SAN DIEGO (AP) Gonzaga went into last year's NCAA tournament as the No. 1 overall seed and the pressure took its toll, sending the Zags home after two games.
This year, they're in a different frame of mind, back to their familiar underdog role and hoping to use it to their advantage against Arizona on Sunday and, hopefully, beyond.
''There isn't as much pressure,'' Gonzaga forward Sam Dower Jr. said Saturday from San Diego State's Viejas Arena. ''I wouldn't say we're looser; we're more aggressive. We have to be that Wichita State team last year and prove that we can be one of the best teams in the country.''
To have a chance at matching the Shockers' run to the 2013 Final Four, the Bulldogs (29-6) will have to go through one of this year's No. 1 seeds.
Though not the top overall seed like Gonzaga was a year ago, Arizona (31-4) still felt the pressure of being the West's top team in its opener on Friday.
The Wildcats started off jittery against Weber State, failing to hit a field goal in the game's opening 5 minutes and blowing most of a 21-point lead before pulling out 68-59 victory.
Arizona was solid as a higher seed last year when it reached the Sweet 16 for the second time in three years and has felt the pressure of being the chased this season after spending two months at No. 1 in The Associated Press poll.
''It's a little different than last year as far as being targeted and stuff like that; we've been dealing with that all year,'' Arizona junior guard Nick Johnson said. ''Seems like every single team gives us their best shot. You can see that same team probably a week later and they're not playing nearly as hard and stuff like that. Pretty much all year has (been like that).''
Arizona will certainly face a tough challenge against the Zags.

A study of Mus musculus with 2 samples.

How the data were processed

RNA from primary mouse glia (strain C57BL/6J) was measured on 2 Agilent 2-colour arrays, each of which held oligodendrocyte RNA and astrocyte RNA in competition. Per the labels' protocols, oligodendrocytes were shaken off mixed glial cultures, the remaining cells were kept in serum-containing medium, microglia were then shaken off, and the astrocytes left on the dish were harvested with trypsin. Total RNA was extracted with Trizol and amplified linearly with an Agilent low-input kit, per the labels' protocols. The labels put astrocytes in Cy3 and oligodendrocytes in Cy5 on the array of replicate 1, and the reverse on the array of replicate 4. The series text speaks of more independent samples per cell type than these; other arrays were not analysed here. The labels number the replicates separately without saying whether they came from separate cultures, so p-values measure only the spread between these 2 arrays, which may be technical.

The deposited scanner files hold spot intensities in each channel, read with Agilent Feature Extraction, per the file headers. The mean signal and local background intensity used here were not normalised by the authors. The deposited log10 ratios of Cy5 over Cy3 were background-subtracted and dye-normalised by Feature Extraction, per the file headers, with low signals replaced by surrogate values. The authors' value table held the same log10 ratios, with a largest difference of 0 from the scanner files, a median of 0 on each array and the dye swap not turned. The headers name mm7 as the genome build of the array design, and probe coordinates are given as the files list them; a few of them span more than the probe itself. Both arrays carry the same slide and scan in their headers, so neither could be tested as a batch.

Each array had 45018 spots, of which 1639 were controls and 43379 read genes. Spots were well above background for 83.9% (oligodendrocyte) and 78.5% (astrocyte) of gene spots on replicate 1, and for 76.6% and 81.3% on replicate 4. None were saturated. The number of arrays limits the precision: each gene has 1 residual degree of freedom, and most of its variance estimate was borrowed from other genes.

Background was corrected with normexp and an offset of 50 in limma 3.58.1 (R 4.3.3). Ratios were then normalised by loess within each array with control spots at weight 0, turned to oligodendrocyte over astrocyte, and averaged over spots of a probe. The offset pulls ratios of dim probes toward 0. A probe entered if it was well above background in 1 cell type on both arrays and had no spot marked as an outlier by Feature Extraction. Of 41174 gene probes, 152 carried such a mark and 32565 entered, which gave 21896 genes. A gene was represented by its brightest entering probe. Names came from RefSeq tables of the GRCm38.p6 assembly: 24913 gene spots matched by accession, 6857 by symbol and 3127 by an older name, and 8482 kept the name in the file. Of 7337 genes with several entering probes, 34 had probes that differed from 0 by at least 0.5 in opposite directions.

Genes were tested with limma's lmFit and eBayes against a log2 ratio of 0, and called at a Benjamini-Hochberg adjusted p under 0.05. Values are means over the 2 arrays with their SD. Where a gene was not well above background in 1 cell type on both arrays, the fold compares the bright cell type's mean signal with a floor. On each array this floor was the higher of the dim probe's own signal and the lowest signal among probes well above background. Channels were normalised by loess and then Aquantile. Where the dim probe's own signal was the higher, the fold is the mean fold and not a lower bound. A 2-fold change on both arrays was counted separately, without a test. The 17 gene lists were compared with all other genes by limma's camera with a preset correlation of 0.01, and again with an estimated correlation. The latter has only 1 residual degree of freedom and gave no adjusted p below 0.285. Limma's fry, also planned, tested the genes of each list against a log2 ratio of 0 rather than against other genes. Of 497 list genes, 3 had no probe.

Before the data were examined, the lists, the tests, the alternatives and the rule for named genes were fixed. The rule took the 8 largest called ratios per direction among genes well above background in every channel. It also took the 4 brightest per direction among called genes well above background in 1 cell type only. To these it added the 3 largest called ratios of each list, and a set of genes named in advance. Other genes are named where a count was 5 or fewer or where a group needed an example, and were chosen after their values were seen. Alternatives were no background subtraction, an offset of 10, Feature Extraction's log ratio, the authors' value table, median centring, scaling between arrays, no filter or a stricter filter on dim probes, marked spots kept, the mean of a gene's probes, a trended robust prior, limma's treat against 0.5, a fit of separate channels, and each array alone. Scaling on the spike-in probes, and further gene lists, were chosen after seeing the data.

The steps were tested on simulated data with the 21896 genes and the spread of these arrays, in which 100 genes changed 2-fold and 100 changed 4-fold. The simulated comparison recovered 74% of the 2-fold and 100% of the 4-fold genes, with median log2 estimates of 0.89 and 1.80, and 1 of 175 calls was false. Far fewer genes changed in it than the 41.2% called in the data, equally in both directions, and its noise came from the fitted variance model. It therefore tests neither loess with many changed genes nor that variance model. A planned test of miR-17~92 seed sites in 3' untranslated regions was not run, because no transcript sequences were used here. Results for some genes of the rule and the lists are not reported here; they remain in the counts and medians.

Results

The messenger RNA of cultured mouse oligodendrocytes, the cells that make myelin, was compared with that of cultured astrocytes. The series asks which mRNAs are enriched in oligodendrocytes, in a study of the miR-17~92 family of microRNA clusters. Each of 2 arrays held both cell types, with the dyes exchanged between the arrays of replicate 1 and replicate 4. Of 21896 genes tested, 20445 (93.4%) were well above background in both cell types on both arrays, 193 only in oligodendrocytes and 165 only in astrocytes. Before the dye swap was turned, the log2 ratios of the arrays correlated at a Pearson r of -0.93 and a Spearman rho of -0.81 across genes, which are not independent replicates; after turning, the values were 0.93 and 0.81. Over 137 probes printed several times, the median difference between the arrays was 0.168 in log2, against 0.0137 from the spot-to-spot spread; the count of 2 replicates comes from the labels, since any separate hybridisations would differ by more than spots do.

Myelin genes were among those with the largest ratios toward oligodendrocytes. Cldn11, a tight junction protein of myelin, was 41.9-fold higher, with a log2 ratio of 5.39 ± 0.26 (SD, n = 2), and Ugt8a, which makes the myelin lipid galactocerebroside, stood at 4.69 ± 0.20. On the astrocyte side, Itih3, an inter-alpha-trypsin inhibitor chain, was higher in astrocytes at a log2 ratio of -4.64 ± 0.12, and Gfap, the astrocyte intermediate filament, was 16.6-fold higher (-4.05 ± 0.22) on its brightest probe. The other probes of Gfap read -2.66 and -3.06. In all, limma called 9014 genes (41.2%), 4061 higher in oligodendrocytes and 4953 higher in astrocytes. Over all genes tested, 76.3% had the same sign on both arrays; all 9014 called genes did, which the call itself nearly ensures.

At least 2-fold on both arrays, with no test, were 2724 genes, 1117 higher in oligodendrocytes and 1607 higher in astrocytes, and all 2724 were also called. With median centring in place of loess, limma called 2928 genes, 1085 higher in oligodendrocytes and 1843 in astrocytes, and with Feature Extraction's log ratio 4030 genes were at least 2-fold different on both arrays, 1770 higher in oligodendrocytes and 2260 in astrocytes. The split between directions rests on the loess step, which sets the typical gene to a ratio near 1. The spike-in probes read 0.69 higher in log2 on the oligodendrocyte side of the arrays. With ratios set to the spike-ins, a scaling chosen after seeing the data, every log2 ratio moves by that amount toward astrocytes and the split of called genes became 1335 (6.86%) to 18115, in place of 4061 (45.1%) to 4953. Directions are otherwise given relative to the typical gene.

The Wildcats were a popular pick to get knocked off in the third round against Oklahoma State, but Gonzaga beat the Cowboys and the calls for an upset have not waned much.
Here's five things to look for when the mid-major Bulldogs meet the blue-blood Wildcats:
ALL ABOUT THE D: If you're looking for good defense, this could be the game to watch. With length inside, harassing guards and an ability to get out to shooters quickly, Arizona has been one of the nation's best teams on that side of the ball all season. The Wildcats are the nation's top team in defensive efficiency, allowing 87.8 points per 100 possessions, are fourth in scoring defense (58.2 points per game) and fifth in shooting percentage against (37.9 percent). Gonzaga has been one of the nation's better defensive teams for years, a cohesive unit that can play against any style, so it could get interesting.
STOPPING PANGOS: Gonzaga has a fairly balanced offense, but when Kevin Pangos gets going, the Zags are pretty tough to beat. The junior guard didn't shoot particularly well in the West Coast Conference tournament, but opened the NCAAs with a huge game, scoring 26 points while hitting all 10 of his free throws in the final 1:31 of a foul-filled win over Oklahoma State. He will face some of the best perimeter defenders in college basketball the next round. Johnson and T.J. McConnell take it as a challenge to stop the opposing team's best player and often do, shutting down Colorado's Askia Booker, Utah's Jordan Loveridge and Cal's Justin Cobbs in the last month alone.
NOSTALGIC GAME: Gonzaga and Arizona has met once before in the NCAA tournament and, boy, was it a doozy. Arizona was the No. 1 seed in the 2003 tournament and had future NBA players Andre Iguodala, Channing Frye, Luke Walton on its roster. Still early in its rise to prominence, Gonzaga gave the Wildcats all they could handle, leading at halftime and nearly winning it on Blake Stepp's 8-footer with 2 seconds left. Arizona won the game 96-95 in double overtime, but Gonzaga coach Mark Few remembers it fondly and has a Sports Illustrated picture from the game hanging in the basketball office.
HITTING 3s: Arizona has a big, athletic front line anchored by Kaleb Tarczewski, but needs to hit shots from the perimeter to keep opponents from packing it in. The Wildcats have been a decent 3-point shooting team, hitting 36 percent, but have had games where the shots just won't fall. Arizona was on the mark against Weber State, making 7 of 14 from the arc, including two by sharpshooter Gabe York that got the Wildcats going after an early funk.
FREE THROWS: If the game gets tight and comes down to free throws, Gonzaga could have the advantage. Gonzaga's top three scorers - Pangos, Dower and Gary Bell Jr. -all shoot at least 80 percent and the Zags sealed their win over Oklahoma State from the line. Arizona lost the Pac-12 championship game to UCLA in part because it went 6 for 16 on free throws and freshman Aaron Gordon, one of its best players, has been fighting a mental block from the line, hitting just 43 percent of his attempts.